The new diagnostic test could replace current methods that are limited to testing for only one infection, such as a lateral flow test for COVID-19, or otherwise are either lab-based and time-consuming or fast and less accurate.

The new virus detection and identification methodology is described in a paper published in ACS Nano, authored by DPhil student Nicolas Shiaelis and Professor Achillefs Kapanidis from the Department of Physics, and Dr Nicole Robb from the University of Warwick who is a Visiting Lecturer at Oxford’s Department of Physics.

The paper demonstrates how machine learning can significantly improve the efficiency, accuracy and time taken to not only identify different types of viruses, but also differentiate between strains.

Nicolas Shiaelis and Dr Robb collaborated with the John Radcliffe Hospital to validate the new method. The ground-breaking testing technology combines molecular labelling, computer vision and machine learning to create a universal diagnostic imaging platform that looks directly at a patient sample and can identify which pathogen is present in a matter of seconds – much like facial recognition software, but for germs.

Preliminary research demonstrated that the test could identify the COVID-19 virus in patient samples and further work determined that the test could be used to diagnose multiple respiratory infections, within five minutes and with over 97% accuracy.

Dr Robb and Nicolas Shiaelis founded Pictura Bio, a University of Oxford spinout, that now licences the technology. They are now looking for further investment to accelerate development and get it to the front line of healthcare.

‘Our aim at Pictura Bio is to turn the method into a diagnostic test by creating a dedicated imager and single-use cartridge for use in point-of-care testing, with limited input from the user. We are also expanding the number of viruses that the models are trained on and will eventually start looking at other pathogens, such as bacteria and fungi, in respiratory samples, blood and urine.’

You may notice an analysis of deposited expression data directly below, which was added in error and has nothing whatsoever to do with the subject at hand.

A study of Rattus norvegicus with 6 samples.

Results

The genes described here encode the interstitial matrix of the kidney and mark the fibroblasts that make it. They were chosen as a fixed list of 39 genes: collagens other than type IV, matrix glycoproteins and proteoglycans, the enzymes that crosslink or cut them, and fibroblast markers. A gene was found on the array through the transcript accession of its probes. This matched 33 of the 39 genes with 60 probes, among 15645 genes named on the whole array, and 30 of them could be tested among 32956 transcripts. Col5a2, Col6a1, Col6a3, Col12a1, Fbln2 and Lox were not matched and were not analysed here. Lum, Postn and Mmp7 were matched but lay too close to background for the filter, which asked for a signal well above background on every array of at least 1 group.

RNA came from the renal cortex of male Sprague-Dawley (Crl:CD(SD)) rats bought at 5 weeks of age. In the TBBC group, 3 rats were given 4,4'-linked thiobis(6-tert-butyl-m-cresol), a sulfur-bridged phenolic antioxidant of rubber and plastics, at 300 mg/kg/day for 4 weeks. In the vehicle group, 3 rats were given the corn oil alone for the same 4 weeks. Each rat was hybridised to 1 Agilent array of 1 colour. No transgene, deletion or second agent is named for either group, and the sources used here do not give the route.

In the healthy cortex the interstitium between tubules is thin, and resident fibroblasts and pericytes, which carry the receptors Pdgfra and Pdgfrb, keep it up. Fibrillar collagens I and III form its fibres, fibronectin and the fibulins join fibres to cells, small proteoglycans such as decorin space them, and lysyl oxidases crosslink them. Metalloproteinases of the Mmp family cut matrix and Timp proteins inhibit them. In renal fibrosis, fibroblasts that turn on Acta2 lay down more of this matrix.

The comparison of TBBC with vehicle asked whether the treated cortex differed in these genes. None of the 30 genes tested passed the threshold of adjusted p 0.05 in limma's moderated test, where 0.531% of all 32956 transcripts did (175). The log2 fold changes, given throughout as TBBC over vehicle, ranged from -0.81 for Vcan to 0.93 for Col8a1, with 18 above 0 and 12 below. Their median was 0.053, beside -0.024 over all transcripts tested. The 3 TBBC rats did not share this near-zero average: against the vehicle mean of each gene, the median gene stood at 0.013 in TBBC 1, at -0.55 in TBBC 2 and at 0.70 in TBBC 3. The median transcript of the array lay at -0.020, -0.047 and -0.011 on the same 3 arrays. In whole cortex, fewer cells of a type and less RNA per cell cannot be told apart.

Nicolas Shiaelis

Dr Robb said: ‘Cases of respiratory infections this winter have hit record-breaking highs, increasing the number of people seeking medical help. This combined with the COVID-19 backlog, staff shortages, tighter budgets and an ageing population puts the NHS and its workforce under immense and unsustainable pressure.

‘Our simplified method of diagnostic testing is quicker and more cost-effective, accurate and future proof than any other tests currently available. If we want to detect a new virus, all we need to do is retrain the software to recognise it, rather than develop a whole new test. Our findings demonstrate the potential for this method to revolutionise viral diagnostics and our ability to control the spread of respiratory illnesses.’

Read more about the research on the Department of Physics website.

Discover more Oxford innovation here.